Although there is no statutory requirement in Scotland for landowners and managers to develop a community engagement strategy, community engagement is one of the six principles of the Land Rights and Responsibilities Statement which the Scottish Land Commission is looking to embed across land ownership and management.
The good news is, thinking about a community engagement strategy is an excellent opportunity to take a step back and consider the status of your existing relationships and the way you currently engage with your local community and other key stakeholders.
A proactive approach to community engagement can have huge benefits for all involved, creating a positive and constructive environment to discuss the challenges and opportunities that each party may face. Community engagement should not be daunting; it is a chance to create a two-way dialogue with others who also have an interest in the land and the value it can bring. It is crucial it is treated as a conversation and not solely as one party imparting information on the other.
There are so many benefits to investing time and resource in community engagement, not only when there is a substantial land-use change in the pipeline but also during the status quo. Let’s face it; it is always easier to have a conversation with someone you know than with someone you don’t. That is why I believe time should be spent building positive relationships in the quiet times and not just the periods of significant change.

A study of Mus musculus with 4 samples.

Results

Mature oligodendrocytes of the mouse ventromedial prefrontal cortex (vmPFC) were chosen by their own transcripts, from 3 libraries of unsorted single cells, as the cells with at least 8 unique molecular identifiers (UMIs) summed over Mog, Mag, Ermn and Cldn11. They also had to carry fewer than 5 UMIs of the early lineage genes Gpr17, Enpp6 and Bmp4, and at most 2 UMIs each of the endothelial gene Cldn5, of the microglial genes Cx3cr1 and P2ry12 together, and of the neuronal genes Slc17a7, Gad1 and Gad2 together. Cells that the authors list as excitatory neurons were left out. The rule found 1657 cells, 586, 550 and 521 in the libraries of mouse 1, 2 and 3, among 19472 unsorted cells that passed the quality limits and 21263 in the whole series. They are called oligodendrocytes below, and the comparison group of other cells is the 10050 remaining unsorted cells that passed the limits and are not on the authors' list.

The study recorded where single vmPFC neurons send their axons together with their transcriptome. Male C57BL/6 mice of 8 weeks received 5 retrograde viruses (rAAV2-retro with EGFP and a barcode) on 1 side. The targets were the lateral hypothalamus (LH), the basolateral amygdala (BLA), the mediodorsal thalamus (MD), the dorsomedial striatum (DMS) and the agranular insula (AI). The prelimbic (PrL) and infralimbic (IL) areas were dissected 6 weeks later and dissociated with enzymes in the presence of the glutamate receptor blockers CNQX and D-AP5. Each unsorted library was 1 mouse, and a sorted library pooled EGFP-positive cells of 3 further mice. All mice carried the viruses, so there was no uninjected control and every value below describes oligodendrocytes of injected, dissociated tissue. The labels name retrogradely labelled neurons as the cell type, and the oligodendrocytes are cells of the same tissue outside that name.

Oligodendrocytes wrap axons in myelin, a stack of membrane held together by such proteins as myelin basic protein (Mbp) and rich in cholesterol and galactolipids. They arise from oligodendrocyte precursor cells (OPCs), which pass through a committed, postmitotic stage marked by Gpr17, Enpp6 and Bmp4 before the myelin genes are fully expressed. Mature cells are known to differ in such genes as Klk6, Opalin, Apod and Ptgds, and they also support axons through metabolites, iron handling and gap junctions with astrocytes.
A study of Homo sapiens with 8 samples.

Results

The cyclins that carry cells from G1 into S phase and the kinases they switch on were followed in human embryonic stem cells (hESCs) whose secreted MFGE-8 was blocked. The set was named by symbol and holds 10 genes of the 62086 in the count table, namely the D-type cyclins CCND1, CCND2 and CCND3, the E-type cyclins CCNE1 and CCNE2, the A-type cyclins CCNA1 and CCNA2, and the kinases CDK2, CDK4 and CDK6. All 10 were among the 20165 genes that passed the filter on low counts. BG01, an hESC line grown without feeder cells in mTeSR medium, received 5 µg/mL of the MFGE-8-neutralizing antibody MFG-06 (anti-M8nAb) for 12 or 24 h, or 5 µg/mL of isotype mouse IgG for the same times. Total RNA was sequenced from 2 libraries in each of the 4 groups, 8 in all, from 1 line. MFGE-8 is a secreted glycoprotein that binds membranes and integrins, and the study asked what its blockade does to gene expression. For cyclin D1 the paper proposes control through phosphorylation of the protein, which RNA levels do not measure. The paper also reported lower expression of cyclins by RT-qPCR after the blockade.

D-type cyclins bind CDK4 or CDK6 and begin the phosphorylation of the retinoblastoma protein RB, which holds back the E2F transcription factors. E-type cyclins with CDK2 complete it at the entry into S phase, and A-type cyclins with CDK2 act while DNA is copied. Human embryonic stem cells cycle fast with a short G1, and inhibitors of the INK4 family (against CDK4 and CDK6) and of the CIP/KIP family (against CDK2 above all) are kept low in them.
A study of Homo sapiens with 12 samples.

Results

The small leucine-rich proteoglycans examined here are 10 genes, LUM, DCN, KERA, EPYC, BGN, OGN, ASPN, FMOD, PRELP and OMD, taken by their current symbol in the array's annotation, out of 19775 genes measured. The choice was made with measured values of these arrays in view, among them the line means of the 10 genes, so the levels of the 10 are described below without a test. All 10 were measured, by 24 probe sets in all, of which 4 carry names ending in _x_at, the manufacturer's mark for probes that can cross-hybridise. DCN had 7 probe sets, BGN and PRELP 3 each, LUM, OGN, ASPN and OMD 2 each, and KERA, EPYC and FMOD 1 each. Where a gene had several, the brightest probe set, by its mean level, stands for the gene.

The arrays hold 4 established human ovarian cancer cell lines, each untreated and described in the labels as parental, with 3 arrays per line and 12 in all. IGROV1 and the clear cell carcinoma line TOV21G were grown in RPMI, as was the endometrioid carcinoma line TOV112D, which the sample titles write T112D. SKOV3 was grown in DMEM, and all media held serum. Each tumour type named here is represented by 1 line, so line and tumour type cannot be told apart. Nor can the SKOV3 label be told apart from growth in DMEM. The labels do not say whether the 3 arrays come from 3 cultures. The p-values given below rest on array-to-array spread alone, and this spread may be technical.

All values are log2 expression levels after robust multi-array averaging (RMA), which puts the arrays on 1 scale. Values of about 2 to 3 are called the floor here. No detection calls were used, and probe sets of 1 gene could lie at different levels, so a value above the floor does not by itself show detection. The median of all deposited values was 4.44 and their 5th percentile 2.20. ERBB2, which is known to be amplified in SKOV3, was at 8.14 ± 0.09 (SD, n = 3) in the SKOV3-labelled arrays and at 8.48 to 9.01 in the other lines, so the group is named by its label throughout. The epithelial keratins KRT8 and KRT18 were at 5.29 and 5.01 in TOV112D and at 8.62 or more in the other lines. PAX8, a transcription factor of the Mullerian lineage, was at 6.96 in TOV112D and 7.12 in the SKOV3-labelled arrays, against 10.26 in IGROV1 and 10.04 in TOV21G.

So often landowners and managers, don’t feel they are viewed as community members, and community members don’t feel their views are valued. Committing time to relationship building can have long-term benefits.
Positive relationships provide great opportunities to work together towards local economic, social and environmental improvements.
Luckily a community engagement plan doesn’t have to be War and Peace; it should clearly outline the steps you intend to take to build an ongoing dialogue with your community. Don’t be afraid to reach out to your community and find out how they might like to engage. Some people will be comfortable with you only attending existing platforms like community council meetings; some may prefer digital engagement, newsletters, annual open days or community forums with representatives from across the community. Once you understand who your community consists of, you will have a better idea of how to engage, but please consider reaching out and asking how people want to hear from you and what they want to hear.
Key Considerations for your Community Engagement strategy:
There is no particular format required, and you can develop whatever you think will work for your business, so why not start by answering these questions.
Through my Non-Exec role at Scottish Land and Estates, I have been lucky enough to hear about some of the incredible ways land owners and managers are engaging with their communities. These vary hugely in scale and complexity, but I am excited to see the way the sector has embraced this opportunity and look forward to seeing more great examples of community engagement best practice.
If you would like to discuss your approach to community engagement and how I can help you to create a realistic and impactful approach for you, your business and your community then please get in touch.